We’re committed to using environmentally responsible, sustainable farming practices and natural winemaking techniques to ensure that our wines express the true character of the grapes and place where they are made.
Modern farming techniques often emphasize production at the expense of soil health and eco-system integrity. While this may be an acceptable part of the business for some, we work tirelessly to solve every farming need at the Olivet Grange with a solution that not only produces excellent quality wine grapes, but also enriches the environment around us. We believe that every measure that we take to maintain the natural health of our vineyard directly contributes to the unique flavors of our Estate wines.
We only use organic fertilizer at the Olivet Grange, by spreading compost under the vines and brewing compost teas from food scrap compost. Bay area restaurants and homes provide food scraps that eventually make their way to us at Olivet Grange as compost.
An interesting fact: recently published research determined that if 90% of Americans composted it would be the equivalent of closing 22 coal-fired power stations in terms of the reduction in greenhouse gases that are created by landfilling food scraps rather than composting them.
We use worm castings to create an easily assimilated bio-fertilizer rich in nitrogen, phosphorous and potassium. The castings enhance the soil’s ability to absorb atmospheric moisture, aiding water economy and aeration. Another soil-enhancing technique we employ is to run microbial teas made from the worm castings through our drip irrigation system. Applied three times a year, the teas introduce a diverse spectrum of beneficial microorganisms that improve soil and plant health and aid the vines’ natural resistance to pests and disease.
To further promote a healthy ecosystem, we have planted permanent cover crops, which have the side benefit of producing higher-quality grapes by forcing the vines to compete for water and soil nutrients, resulting in smaller berries with more concentrated flavors. Once cover crops are established, simple mowing keeps the vineyard tidy and well-groomed. Because there is no tilling of the soil, the vineyard requires less tractor use, and the population of earthworms is preserved. Cover crops also mitigate soil erosion from wind and rain and serve as habitats for beneficial insects that feed on vine pests such as mites and leafhoppers, minimizing the use of pesticides, even organic ones. In 2009, we spread the seeds of wildflowers which attract beneficial insects around the perimeter of the vineyard blocks – often referred to as an “insectary.”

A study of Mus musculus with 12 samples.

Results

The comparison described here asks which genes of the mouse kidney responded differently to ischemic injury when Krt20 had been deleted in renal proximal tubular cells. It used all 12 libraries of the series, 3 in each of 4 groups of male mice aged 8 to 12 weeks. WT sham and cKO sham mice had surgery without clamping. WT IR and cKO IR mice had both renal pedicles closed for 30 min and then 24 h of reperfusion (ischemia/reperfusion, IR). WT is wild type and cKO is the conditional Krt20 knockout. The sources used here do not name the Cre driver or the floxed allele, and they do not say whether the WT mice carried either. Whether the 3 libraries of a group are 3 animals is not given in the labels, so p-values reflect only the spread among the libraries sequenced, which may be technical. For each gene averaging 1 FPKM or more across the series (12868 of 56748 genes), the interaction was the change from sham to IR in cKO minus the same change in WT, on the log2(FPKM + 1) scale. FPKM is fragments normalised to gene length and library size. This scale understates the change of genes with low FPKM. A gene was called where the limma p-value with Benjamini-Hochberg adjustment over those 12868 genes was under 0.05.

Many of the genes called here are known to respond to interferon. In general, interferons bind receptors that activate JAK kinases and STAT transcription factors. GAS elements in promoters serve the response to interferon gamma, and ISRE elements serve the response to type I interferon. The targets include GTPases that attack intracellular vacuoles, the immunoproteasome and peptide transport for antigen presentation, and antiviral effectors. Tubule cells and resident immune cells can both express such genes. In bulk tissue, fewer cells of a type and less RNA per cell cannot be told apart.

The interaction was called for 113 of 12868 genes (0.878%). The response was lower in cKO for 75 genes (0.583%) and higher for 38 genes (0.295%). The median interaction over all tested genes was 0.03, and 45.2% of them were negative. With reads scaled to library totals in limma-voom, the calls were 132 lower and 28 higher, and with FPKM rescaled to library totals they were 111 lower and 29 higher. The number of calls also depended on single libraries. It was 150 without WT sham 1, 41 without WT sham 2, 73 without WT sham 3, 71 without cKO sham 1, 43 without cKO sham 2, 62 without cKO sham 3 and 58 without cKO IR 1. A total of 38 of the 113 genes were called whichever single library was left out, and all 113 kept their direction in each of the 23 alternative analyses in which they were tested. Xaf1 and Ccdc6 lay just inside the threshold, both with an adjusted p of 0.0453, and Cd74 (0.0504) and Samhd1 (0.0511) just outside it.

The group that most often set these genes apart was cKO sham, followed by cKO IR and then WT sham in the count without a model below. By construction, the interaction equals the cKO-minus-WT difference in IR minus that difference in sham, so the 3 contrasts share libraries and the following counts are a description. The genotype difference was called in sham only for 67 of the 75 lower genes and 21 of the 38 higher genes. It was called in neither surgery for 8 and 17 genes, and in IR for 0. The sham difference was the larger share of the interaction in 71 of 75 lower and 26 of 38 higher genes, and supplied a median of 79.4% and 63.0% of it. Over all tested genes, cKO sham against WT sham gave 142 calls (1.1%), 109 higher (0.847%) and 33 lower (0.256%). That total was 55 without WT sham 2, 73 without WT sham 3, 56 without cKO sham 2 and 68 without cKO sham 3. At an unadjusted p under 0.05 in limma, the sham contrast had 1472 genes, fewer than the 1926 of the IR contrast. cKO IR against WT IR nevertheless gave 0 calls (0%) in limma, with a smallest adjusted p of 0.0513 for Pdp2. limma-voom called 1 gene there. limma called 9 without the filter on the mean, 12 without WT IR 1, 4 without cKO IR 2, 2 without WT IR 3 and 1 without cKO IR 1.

No RoundUp is used at the OGV Estate. In addition to encouraging a healthy ecosystem of insects, we provided homes and resting places throughout the vineyard for predators such as owls and other birds of prey that help to reduce gopher populations that attack vines beneath the soil. Encouraging their presence also has the added benefit of scaring away small birds such as starlings and linnets that enjoy feasting on Pinot Noir grapes.
When we built the winery in 2010, we used as much repurposed and recycled materials as possible to try to reduce our impact on the environment.
Our solar panels produce 100% of the energy the winery uses. All of the wood and cabinets in the tasting room are made out of the old barn we took down to build the winery. The walls are highly insulated, and our windows help to keep the temperature controlled. The counters in the winery are made of recycled glass from San Francisco’s recycling program.
We also use steam to clean and sanitize in the winery. Using steam to clean a barrel uses only six gallons of water, compared to using hot water which can use up to 60 gallons! We reuse all of our waste water and have 16,000 gallons of storage for waste water.
Our parking lot includes the first private company in the North Bay to offer a publicly available electric vehicle charging station.
The packaging we use to send you your wine is made out of 100% recycled materials and is biodegradable.